Evil is a simplistic concept that is rarely an effective descriptor for the world around us. That is why children graduate from fairy tales and picture books to more mature literature, where there are no longer heroes and villains, but instead, there are characters with nuanced backgrounds and motivations. As Google, whose mantra proclaims, “Don’t be evil,” frenetically jumps from one cutting-edge project to the next while taking its place as a major actor on the international stage, it is going to have to grow up quickly and acknowledge that the world is not as black and white as it would like to believe.
Google has always branded itself as an exceptional tech company. Its sleek search engine distinguished it from the cluttered interfaces of competitors’, and Gmail’s thread organization revolutionized the way we think about email. Just as Mac personifies itself in commercials as the laidback hipster subtly mocking the stodgy PC, Google also seeks to project an anti-corporate ethos. Their corporate philosophy is, “You can make money without doing evil.” But can they?
Staying just ahead of the tech curve means staying true to the corporate mantra, and it isn’t always so easy. When Google Maps’ Street View first debuted, people were able to identify their cars and read their license plates, as well as those of people they knew, sometimes in compromising locations. Others recognized images of themselves or their friends. In at least one documented case, Google caught someone picking their nose. Shortly thereafter, Google introduced a form with which people could request that identifying features be pixelated.
Buzz, Google’s foray into social networking, came out last week, automatically enlisting all Gmail users’ most frequently used contacts as “followers.” I woke up one morning to find myself following 26 people and having 17 people following me, ranging from friends to bosses to randos from last semester’s study group. The ability to opt out was introduced after the fact. “The Big Money,” a blog at Slate, reported that one woman reacted to automatically following—and being followed by—her most frequently used contacts with an all -caps expletive for the Silicon Valley behemoth because her abusive ex-boyfriend had been made aware of her deliberately concealed whereabouts.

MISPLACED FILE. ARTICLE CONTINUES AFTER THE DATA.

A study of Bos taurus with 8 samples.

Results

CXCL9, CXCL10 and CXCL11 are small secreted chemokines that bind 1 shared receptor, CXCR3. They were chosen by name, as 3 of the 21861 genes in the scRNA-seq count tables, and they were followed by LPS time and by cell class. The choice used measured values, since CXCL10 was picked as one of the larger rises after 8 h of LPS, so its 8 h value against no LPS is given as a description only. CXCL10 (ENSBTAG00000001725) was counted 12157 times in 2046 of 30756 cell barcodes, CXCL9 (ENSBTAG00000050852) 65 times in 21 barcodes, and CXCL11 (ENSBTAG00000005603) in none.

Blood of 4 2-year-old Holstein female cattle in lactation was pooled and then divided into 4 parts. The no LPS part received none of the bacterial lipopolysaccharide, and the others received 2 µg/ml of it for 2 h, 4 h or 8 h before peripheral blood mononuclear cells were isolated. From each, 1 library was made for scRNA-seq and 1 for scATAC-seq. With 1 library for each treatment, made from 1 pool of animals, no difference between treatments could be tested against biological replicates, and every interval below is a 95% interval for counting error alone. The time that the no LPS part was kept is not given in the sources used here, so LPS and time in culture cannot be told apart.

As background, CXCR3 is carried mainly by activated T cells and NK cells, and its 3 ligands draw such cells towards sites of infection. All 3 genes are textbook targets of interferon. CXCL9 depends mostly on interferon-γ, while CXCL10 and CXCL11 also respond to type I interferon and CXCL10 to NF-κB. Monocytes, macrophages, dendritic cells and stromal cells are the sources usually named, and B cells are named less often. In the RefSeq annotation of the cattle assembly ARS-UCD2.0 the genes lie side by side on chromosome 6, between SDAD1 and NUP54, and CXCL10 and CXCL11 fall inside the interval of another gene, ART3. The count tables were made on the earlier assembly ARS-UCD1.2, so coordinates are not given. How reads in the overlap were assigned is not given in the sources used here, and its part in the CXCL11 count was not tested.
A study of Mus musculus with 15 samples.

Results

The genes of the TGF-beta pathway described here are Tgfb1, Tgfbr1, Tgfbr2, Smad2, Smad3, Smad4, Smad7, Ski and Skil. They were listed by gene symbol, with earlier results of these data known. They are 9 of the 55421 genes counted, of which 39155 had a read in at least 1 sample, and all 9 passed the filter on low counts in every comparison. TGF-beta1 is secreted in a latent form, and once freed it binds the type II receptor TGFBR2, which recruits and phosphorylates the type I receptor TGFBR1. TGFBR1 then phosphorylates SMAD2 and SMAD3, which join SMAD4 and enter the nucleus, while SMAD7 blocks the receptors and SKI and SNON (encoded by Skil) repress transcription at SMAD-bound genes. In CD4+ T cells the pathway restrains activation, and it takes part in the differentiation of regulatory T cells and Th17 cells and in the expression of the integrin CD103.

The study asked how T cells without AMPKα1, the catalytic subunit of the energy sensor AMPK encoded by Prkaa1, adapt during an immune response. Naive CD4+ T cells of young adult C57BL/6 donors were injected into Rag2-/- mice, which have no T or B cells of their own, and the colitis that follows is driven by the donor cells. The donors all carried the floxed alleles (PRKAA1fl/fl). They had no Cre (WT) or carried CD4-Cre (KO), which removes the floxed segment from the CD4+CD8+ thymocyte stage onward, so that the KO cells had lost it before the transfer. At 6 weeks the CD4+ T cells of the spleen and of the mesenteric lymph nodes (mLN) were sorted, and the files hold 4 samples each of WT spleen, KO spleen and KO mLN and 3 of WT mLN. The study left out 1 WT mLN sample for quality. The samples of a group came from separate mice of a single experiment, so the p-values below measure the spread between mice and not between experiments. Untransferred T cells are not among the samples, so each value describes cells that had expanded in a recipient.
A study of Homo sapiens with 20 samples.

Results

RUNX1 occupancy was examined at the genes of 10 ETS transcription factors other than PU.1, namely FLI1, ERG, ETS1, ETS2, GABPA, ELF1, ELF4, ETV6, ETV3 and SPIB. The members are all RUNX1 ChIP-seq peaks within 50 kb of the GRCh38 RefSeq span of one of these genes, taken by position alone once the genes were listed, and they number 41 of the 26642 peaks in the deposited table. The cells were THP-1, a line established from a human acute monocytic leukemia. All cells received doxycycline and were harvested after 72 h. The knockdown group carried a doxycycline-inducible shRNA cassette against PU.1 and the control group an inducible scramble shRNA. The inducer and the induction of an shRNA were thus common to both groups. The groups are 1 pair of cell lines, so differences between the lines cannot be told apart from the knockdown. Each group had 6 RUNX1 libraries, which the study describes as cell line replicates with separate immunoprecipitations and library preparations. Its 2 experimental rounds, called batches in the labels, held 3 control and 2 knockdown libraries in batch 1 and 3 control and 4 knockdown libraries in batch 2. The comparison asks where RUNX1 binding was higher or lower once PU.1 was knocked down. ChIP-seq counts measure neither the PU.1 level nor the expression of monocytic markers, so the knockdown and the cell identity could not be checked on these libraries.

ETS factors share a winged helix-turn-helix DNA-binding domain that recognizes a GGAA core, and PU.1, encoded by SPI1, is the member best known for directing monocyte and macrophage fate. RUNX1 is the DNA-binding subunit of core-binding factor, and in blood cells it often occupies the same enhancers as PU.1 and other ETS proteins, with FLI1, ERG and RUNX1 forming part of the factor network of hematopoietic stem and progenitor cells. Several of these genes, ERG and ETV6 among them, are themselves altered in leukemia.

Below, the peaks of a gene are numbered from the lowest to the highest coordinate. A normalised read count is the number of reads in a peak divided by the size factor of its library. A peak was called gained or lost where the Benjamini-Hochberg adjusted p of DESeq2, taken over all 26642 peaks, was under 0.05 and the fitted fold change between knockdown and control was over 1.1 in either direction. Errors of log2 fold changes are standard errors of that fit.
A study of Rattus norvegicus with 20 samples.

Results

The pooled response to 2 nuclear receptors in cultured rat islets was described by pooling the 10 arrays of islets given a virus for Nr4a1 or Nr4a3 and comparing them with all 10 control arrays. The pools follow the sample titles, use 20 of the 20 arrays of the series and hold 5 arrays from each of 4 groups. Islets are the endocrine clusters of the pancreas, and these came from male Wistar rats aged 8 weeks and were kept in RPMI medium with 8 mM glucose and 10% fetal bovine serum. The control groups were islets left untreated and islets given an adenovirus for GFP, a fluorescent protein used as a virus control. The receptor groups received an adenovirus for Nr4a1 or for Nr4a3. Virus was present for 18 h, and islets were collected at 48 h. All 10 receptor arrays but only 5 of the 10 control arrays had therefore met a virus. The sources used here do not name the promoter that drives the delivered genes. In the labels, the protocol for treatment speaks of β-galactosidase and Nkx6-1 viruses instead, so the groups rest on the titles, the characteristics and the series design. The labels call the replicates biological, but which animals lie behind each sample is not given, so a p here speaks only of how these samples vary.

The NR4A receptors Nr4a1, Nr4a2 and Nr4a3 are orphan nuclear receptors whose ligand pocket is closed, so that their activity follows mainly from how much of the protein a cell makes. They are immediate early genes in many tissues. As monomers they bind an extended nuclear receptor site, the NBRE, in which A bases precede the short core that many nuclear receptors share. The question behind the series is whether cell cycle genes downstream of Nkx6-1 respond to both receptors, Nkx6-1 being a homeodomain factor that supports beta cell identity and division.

Like a hyperactive child, Google is in the race to be first. It releases the newest technology as fast as it can, knowing that it can deal with the messy details after the fact. It spurns uniform cubicles and dreary cafeterias for a whimsical workplace environment, including rooms dedicated to Legos, just as it spurns ad-ridden homepages for a clean one. It also spurns corporate social responsibility policies. For many companies, these documents can run as long as dozens of pages, but Google has no need, for it has three words: “Don’t be evil.” Yet in the real world there is no good and evil, just shades in between. For all its talk of corporate exceptionalism, from architecture to ethos, Google is ultimately beholden to its shareholders and its bottom line. They are subject to the wills of sovereign states as well, as its capitulation to Chinese demands for censorship makes clear.
Doing no evil is easier said than done. Three years before last week’s principled stand against Chinese censorship, CEO Eric Schmidt said at the World Economic Forum in Davos that complicity with Chinese censorship was a calculated decision. “We actually did an evil scale,” Schmidt said, which evidently tipped toward tolerating state-directed and then self-censorship for the greater (financial) good of maintaining operations in China. But is it possible to perform a linear evaluation of evil, especially when those making the judgment calls have a vested financial interest? With Google, in China and elsewhere, increasingly looking like a significant player on the world stage, is it possible to be a benign behemoth? And what about the questions raised by Buzz and Street View: Is it possible to encourage developers to push you to the absolute cutting edge of technology while still catering to non-savvy consumers who have better things to worry about? Is it possible to be the anti-corporate corporation and abide by a calling higher than the profit motive?
Google has long outgrown its old and facile mantra, “Don’t be evil.” There are no heroes and villains on the world stage, just self-interested actors, and Google is no exception. As it continues to gain influence, the tech monolith must abandon its childish fairy-tale claim of good triumphing over evil and acknowledge what it admitted three years ago: that there is a spectrum of evil, and it must decide where on that spectrum it will fall.